John Patrick "Pat" Barnes
COLUMBIA — As a long-time city councilman, founder of the Boone County Fire Protection District and vice president of operations at a multimillion dollar real estate firm, John Patrick Barnes left an impact on many areas of Columbia.
Mr. Barnes of Columbia died Friday, Feb. 11, 2011. He was 69.
Mr. Barnes was born July 2, 1941 to Donnie and Rose Heisler Barnes.
Known as Pat to his friends and family, Mr. Barnes was a vocal and engaged member of the community. He rose from humble beginnings and is remembered by friends as a man possessing a tireless work ethic and unquenchable energy, which he channeled to become one of Columbia's most notable citizens during the '70s and '80s.
Mr. Barnes' father was a maintenance worker at Stephens College, so he grew up as a child of little means in a house on St. Joseph Street.
"As a teenager, he was working three to four part-time jobs while going to school to help support his parents," said Steve Paulsell, long-time friend and former fire chief of the Boone County Fire Protection District.
After graduating from Hickman High School, Mr. Barnes chose to forgo college, and instead, charted a course that would lead him to become a major stakeholder in Columbia's business and civic communities.
After a handicapped woman died in a house fire outside of city limits in 1963, Mr. Barnes recognized the need to provide fire protection in the rural areas of Boone County. He formed the Central Missouri Radio Squad, which became the Boone County Fire Protection District in 1970, according to the Fire District's website.
Scott Olsen, the district's fire chief, describes Mr. Barnes as an "aggressive firefighter and volunteers' volunteer" and recalls working with Mr. Barnes to extinguish a large house fire and "him pushing me to 'Go get the fire! Go get the fire!'"
Mr. Barnes was the first assistant chief of the Fire District, and it was his desire to improve the state of the city's fire department that first led him to seek public office, Olsen said.
"I can recall so many instances when Pat would reach into his own pockets and give money to victims of fires or accidents to help them get back on his feet," Paulsell said.
During his 14-years of service on the City Council, Mr. Barnes was at the forefront of the city's economic development. He was known as a conservative voice on the council at the time and was an active proponent of reining in city spending.
When campaigning for election in 1981, Barnes told the Missourian that the city needed to do more to bring in outside industry.
He contemplated running for mayor in 1989 but chose to step down from his position on the council because his job often required him to travel. He was vice president of Executive Affiliates Inc., a family-owned real estate company based in Big Rock, Ill., that has real estate holdings throughout the nation.
In a May 1989 letter to the Columbia Tribune upon leaving office, Mr. Barnes wrote that his time on the council was the "best learning experience of my life" and described the city as "unique, progressive and moving forward."
"He took everything in his life very seriously, and that showed in everything he did," Olsen said. "... He was a tireless worker. Whenever you saw him there was a smile and a hearty handshake and a 'how-you doing.'"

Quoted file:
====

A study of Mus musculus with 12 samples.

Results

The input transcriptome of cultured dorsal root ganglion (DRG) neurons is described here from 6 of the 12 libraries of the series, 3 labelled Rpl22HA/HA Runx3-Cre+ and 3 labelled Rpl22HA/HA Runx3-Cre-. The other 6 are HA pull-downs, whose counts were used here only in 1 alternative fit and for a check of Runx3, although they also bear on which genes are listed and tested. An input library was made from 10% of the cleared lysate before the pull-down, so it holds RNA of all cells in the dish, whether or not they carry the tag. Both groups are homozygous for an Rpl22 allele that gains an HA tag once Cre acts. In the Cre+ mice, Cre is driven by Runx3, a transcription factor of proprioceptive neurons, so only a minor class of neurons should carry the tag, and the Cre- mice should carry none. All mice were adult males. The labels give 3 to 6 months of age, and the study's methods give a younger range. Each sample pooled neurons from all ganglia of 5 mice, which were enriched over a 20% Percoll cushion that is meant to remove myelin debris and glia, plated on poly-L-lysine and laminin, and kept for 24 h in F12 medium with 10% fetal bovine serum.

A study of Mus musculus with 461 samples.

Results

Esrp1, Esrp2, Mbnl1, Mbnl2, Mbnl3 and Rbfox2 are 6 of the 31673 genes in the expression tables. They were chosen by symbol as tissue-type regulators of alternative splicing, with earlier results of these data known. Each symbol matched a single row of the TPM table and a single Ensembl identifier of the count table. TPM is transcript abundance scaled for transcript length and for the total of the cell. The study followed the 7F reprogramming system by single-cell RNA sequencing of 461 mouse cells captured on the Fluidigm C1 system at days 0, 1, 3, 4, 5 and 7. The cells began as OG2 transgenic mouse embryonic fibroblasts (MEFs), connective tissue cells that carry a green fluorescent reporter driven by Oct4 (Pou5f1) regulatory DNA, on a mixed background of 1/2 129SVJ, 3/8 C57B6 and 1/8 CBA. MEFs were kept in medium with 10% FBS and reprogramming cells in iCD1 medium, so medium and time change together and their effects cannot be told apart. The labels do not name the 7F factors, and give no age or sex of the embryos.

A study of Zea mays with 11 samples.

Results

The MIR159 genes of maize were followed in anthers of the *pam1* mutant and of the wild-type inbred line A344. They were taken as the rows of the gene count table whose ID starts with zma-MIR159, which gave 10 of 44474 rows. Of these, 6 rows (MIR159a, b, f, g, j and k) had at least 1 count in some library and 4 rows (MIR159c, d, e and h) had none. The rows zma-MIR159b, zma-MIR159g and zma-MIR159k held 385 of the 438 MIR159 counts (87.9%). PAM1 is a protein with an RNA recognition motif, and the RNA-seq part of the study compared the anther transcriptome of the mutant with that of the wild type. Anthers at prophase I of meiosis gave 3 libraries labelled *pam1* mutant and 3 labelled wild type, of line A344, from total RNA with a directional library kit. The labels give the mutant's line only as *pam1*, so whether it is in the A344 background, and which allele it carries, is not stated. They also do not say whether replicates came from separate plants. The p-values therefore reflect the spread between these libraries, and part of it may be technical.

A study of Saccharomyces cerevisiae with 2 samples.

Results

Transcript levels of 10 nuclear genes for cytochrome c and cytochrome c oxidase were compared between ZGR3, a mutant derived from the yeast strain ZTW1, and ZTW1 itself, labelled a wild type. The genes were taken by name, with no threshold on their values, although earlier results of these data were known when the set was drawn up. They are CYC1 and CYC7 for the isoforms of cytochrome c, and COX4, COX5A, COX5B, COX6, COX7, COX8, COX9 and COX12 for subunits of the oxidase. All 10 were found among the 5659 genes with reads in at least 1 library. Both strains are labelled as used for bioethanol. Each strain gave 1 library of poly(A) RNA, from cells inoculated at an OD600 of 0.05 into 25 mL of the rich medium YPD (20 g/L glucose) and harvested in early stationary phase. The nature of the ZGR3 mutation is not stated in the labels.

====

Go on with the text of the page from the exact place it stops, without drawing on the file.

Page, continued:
In the 22 years that have passed since Mr. Barnes left office, he has largely been absent from the public eye and has continued working as vice president of Executive Affiliates.
"Generally if a person is geared toward construction and engineering, he is not geared toward day-to-day operations. Pat was able to do both. ... In terms of a friend and in terms of an employee. he was irreplaceable," said Evan Rayman, Barnes' Executive Affiliates supervisor for more than 20 years.
While Barnes' job often took him across the country, he was a man who was deeply committed to his family and a loyal patriot, Paulsell said.
"Pat didn't have a lot of free time," Paulsell said. "He was on the road a lot throughout the United States, but he enjoyed being home on the weekends and spending time with his three kids and his wife."
Mr. Barnes also found the time to send care packages to troops overseas in his later years and continued to serve in an advisory role to the Fire District, he said.
"He and Lisa were very involved with their animals," Rayman said. "They had basically a zoo — an exotic zoo — at their house."
This menagerie included a zebra and two camels living on land attached to their home on Rock Quarry Road, Paulsell said.
Mr. Barnes is survived by his wife, Lisa, of Columbia; two daughters, Marielle Holman Barnes of Bangalore, India, and Angela L. Bennett and husband, Brent, of Columbia; one son, John Patrick Barnes II of Denver; one brother, Richard King of Columbia; and three grandchildren, Zachary O'Sullivan, Mitchell Bennett and Lily Bennett.
Visitation will be held from 6 to 8 p.m. Tuesday at Our Lady of Lourdes Catholic Church, 903 Bernadette Drive.
Services will be held at 10 a.m. Wednesday at Our Lady of Lourdes Catholic Church. Burial will be in Memorial Park Cemetery.
Memorial contributions may be made to Central Missouri Honor Flight, Suite 334, 1400 Forum Blvd., Columbia, MO 65203.
Condolences can be posted at parkerfuneralservice.com.